Real Estate Transactions And The Law: The Basics

A transfer of property from one person or persons to another party is a legal transaction. Various legal concepts and legal forms are involved in property conveyance, which anyone participating in real estate transactions should be aware of. This article takes a look at some of the most important aspects of property transfer law.

Warranty Deed

The legal form that finalizes the conveyance of a piece of real estate from one party to another is the deed. Several types of deeds are used to transfer property, one of which is the warranty deed. This deed guarantees the buyer of the property that there are no claims on the property, such as a lien, that could undermine the buyer's title. If there is another claim on the title despite the seller's guarantee, then the seller must compensate the buyer for any losses incurred.

Quitclaim Deed

The quitclaim deed merely transfers the seller's property to the buyer. It does not give the buyer any guarantees that no other claims on the title exist. The buyer assumes all of the legal and financial risks if some other party has a prior or superior claim to the property. Accepting a quitclaim deed is obviously much riskier for a buyer than a warranty deed, which is why they are typically only used in special situations, such as when spouses are divorcing.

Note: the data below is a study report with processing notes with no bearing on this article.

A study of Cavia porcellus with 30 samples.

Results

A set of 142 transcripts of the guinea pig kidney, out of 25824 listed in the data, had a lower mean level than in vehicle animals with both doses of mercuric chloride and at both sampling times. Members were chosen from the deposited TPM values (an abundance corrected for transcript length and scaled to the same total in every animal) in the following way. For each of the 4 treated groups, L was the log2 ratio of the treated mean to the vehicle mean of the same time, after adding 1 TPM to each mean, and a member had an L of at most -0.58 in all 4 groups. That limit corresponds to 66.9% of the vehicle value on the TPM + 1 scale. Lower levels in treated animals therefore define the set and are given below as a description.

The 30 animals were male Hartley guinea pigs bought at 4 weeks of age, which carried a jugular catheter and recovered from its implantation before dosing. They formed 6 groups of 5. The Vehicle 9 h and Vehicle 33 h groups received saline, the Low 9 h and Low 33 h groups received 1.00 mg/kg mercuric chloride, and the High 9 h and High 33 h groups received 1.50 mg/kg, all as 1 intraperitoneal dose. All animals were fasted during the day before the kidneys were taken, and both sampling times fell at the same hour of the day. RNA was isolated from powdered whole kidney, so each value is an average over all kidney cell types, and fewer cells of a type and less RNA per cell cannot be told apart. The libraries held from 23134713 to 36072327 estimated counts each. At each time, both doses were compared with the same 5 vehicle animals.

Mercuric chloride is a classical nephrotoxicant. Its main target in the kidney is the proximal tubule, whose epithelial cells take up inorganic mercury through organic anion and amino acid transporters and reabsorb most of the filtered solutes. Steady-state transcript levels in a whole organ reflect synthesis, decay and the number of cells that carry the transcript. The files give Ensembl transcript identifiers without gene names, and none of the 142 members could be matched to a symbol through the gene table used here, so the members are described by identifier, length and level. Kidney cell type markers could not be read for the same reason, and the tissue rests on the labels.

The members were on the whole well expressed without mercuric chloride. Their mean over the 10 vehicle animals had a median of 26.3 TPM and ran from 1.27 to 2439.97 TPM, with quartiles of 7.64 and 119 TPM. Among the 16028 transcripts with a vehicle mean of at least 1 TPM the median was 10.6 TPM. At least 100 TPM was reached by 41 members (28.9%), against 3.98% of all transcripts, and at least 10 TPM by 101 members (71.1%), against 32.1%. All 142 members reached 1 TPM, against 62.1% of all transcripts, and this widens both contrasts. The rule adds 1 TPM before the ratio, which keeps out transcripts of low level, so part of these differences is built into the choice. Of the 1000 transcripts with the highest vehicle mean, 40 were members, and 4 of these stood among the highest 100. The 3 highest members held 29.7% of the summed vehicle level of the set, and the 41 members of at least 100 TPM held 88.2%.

Some states have a deed called a transfer on death (TOD) deed. This deed transfers a piece of property to a stated beneficiary on the death of the owner. No money changes hands. The main purpose of the deed is to avoid probate.

Joint Tenancy

When one or more people purchase a property together, they have to make a choice of how they will hold the title. The first option is called joint tenancy. Under this legal concept, the buyers will hold the title in equal shares. Also, the buyers must all purchase the property together at the same time.

Tenancy in Common

Another way to hold a title with other people is called tenancy in common. Unlike joint tenancy, the owners of a property do not need to have equal shares. For example, one owner might have a 50 percent interest in a piece of real estate, while five others each have a 10 percent interest. Also, the owners do not need to purchase their shares of the property at the same time.

Clearly, real estate law is complex and difficult for the average person to navigate on their own. To protect your interests in any real estate transaction, consult with a local real estate lawyer.